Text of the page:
Consumers Could Pay 20% More to Visa

Hidden interchange fees now total more than $36 billion

WASHINGTON -- Increases in credit card interchange rates announced by Visa last week average only 0.6%, but the $36 billion in total interchange fees consumers paid in 2006 will probably increase close to 20% this year, the Merchants Payments Coalition (MPC) said.

The average increase in interchange rates doesn't tell the full story because it doesn't reflect credit card companies' efforts to move consumers to premium cards, the growing use of plastic, or the automatic raises Visa and MasterCard receive through inflation and increases in consumer spending, [image-nocss] said Mallory Duncan, senior vice president and general counsel of the National Retail Federation (NRF) and chairman of MPC. Interchange fees are already taking too much money out of consumers' pockets. Visa and MasterCard should be lowering interchange rates, not raising them.

Interchange is a percentage of each transaction that Visa and MasterCard collect from retailers every time a credit or signature debit card is used to pay for a purchase. Most consumers do not know they are paying the fees because Visa and MasterCard do not disclose the charge.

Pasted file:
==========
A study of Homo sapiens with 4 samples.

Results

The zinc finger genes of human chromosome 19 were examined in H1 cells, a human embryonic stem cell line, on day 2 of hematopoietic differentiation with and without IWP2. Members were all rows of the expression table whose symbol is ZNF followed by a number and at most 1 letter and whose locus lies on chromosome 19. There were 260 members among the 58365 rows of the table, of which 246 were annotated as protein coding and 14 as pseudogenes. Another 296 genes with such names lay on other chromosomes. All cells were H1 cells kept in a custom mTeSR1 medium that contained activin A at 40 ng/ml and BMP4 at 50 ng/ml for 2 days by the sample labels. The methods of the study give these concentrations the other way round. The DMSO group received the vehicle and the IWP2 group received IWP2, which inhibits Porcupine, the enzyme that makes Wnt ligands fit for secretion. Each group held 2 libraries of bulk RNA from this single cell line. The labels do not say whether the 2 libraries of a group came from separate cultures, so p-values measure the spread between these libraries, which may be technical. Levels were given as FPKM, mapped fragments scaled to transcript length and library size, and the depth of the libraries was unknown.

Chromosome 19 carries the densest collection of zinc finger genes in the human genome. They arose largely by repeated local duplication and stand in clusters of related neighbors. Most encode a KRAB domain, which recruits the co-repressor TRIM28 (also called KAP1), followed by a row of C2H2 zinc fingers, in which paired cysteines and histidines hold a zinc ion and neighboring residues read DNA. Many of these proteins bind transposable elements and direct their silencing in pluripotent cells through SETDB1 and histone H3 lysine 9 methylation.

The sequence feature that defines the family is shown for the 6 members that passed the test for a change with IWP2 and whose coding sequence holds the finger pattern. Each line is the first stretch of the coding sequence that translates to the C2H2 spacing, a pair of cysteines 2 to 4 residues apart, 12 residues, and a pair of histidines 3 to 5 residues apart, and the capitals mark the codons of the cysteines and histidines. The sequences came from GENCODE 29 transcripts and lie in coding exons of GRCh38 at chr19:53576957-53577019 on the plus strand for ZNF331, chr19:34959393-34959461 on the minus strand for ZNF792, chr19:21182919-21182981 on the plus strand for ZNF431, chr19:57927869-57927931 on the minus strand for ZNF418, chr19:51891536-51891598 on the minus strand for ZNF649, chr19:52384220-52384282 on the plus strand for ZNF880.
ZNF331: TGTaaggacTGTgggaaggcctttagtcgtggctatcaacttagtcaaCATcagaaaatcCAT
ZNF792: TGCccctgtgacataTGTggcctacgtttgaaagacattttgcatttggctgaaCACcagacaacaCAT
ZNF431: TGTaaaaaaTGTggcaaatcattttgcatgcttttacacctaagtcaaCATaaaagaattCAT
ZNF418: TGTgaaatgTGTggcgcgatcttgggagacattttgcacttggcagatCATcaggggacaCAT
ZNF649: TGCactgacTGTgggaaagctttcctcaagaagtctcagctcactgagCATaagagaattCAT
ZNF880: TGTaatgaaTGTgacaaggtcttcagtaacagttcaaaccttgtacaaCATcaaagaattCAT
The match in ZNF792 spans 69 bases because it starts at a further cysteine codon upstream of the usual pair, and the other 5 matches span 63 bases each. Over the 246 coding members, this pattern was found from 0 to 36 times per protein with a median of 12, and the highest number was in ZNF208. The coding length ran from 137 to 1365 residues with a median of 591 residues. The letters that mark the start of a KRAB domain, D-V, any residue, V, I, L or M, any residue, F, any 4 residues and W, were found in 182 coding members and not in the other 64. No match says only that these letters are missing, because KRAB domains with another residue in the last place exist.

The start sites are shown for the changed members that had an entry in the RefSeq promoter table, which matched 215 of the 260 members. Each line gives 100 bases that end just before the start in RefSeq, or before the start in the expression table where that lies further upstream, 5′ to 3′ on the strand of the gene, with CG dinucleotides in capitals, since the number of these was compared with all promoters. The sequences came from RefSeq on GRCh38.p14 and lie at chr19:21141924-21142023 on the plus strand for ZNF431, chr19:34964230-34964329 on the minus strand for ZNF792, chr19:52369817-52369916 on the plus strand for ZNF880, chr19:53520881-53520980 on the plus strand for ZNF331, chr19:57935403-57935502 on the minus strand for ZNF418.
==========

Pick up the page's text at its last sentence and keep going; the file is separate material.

Visa last week announced that new interchange rates that went into effect April 14 would average 1.77%, up 0.6% from last year's average 1.76%. Increases in previous years have been similarly small, typically amounting to only a few basis points on each of the scores of rates offered for different combination of cards, transactions and type of merchant. But Visa has been shifting many customers to premium cards that carry significantly higher rates and adding expensive new cards, and the new list showed at least a third of the 94 rates were above the average, with some as high as 2.7%.

While the increases in rates may look small, overall interchange collections have soared in the past half-decade. Visa and MasterCard collected approximately $36 billion in 2006, up 17% from 2005 and 117.5% since 2001, according to MPC estimates. Annual increases since 2001 have ranged from 15.8% to 17.3%.

Visa and MasterCard would like consumers to believe that interchange is only going up a tiny fraction of a percentage when it's really going up in double-digit numbers and far faster than the rate of inflation or consumer spending, Duncan said. These fees are ultimately paid by consumers, but working families can't afford these kinds of increases.

Given interchange's nature as a percentage of each transaction, increases in inflation and consumer spending give Visa and MasterCard automatic increases in revenues even without raising rates, Duncan noted.

MPC represents retailers, supermarkets, drug stores, convenience stores, gas stations, online merchants and other businesses that accept debit and credit cards. MPC member associations collectively represent nearly three million stores with approximately 50 million employees in 47 states.